Welcome to the first edition of our brand new weekly blog series, Marketing Myths. Each week’s installment of Marketing Myths will aim to bust a commonly held belief about marketing. Last week, we busted the “Be More Social” myth.
This week’s myth = The Customer is Always Right
It’s a saying as old as time, or at least as old as commerce. “The customer is always right,” is a phrase so ubiquitous in our culture that even outside the business world, almost everyone has heard it before.
The problem with a phrase like that is that people actually think it’s true. If you hear something often enough, you start to believe it. It’s what some refer to as the Illusory Truth Effect, the tendency to believe information to be correct because we are exposed to it more often.
One CEO whose office I visited had a sign posted on the wall that said, “The customer is almost always wrong, but he doesn’t know it and it’s not our job to tell him.” Maybe a little wordy, but it’s a more accurate representation of the underlying meaning of the phrase we’re all too familiar with.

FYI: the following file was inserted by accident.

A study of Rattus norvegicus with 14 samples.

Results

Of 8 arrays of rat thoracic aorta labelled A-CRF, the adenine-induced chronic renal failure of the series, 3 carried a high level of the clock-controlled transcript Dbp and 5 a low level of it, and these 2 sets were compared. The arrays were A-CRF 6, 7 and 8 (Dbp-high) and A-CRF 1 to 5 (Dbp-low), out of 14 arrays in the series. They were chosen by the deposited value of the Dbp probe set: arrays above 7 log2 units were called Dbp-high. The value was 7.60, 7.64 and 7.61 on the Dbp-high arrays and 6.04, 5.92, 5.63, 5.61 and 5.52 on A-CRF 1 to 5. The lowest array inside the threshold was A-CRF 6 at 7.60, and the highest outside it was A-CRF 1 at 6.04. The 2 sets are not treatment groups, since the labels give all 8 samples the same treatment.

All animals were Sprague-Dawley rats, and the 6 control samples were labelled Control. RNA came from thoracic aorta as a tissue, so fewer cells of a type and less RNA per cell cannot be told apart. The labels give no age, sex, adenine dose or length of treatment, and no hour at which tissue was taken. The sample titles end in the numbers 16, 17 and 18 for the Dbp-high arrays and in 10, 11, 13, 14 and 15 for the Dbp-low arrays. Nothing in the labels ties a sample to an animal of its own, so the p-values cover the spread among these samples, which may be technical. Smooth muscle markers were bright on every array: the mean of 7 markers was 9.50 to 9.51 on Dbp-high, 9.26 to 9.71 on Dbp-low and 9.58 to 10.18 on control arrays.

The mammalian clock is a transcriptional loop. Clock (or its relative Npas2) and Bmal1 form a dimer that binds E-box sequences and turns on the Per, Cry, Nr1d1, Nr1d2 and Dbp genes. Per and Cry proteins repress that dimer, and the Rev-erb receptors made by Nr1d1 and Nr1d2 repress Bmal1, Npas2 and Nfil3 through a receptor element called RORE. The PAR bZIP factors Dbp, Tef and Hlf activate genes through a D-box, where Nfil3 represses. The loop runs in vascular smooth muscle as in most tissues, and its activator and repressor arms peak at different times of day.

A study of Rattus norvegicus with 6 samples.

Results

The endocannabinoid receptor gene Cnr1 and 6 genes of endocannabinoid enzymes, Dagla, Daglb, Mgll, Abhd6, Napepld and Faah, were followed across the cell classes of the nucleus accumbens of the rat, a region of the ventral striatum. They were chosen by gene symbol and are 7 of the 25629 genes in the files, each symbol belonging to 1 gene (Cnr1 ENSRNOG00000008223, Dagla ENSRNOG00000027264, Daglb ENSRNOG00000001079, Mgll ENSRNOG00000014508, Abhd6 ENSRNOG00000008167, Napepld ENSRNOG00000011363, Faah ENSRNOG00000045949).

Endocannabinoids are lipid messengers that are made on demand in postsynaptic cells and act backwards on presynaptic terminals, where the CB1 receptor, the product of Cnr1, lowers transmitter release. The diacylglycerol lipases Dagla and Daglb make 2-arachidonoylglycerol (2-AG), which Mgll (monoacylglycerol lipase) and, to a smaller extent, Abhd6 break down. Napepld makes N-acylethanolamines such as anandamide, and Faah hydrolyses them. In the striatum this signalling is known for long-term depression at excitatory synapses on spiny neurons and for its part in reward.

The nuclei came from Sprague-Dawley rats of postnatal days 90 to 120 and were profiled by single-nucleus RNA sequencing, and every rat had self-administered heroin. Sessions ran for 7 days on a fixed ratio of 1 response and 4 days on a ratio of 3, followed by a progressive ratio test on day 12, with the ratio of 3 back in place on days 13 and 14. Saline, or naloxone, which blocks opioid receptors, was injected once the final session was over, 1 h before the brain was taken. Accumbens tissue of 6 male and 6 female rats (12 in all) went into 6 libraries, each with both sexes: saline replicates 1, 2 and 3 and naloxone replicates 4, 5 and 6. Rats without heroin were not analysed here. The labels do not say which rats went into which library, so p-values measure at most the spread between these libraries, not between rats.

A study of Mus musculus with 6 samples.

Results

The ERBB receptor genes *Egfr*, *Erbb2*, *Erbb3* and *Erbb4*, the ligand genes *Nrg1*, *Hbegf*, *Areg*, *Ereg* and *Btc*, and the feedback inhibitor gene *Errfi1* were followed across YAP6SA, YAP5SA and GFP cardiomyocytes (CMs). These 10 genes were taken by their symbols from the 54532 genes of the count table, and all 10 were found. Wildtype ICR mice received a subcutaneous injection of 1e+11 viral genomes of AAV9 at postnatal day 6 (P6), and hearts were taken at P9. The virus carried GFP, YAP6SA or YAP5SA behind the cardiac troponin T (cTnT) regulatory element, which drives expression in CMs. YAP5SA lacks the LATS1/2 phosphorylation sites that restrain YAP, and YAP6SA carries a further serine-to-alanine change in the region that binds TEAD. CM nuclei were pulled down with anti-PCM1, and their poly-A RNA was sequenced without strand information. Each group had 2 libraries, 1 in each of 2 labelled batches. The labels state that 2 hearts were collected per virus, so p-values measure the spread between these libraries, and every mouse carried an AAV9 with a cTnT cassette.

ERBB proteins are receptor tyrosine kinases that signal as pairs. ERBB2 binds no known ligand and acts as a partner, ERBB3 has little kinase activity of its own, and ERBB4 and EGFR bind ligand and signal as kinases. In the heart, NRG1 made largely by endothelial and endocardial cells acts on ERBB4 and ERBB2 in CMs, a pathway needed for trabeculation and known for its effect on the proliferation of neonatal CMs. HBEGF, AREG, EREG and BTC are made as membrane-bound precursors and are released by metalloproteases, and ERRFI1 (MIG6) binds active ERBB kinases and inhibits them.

The problem with thinking the customer is always right is that you end up trying to please everyone. Suddenly, you’re team is spending the majority of their time trying to make a few of the most vocal customers happy. Take the old 80-20 formula and you’ll see that 80% of your time is spent managing 20% of your customers.
Sometimes, it’s okay to fire a customer. The effort is not worth the money they’re paying you. They have unreasonable requests and can’t seem to scrape the money together to pay full price.
Marketers, and the businesses they represent, need to decide what kind of customers are worth targeting. And by process of elimination, what kind of customers should be ignored.
Your products and services are not for everybody. When your entire team knows that, and knows that their job is not to make everybody happy, the work gets much easier.
Stay tuned next week for another myth. If you have a marketing myth you’d like me to bust, add it in the comments below.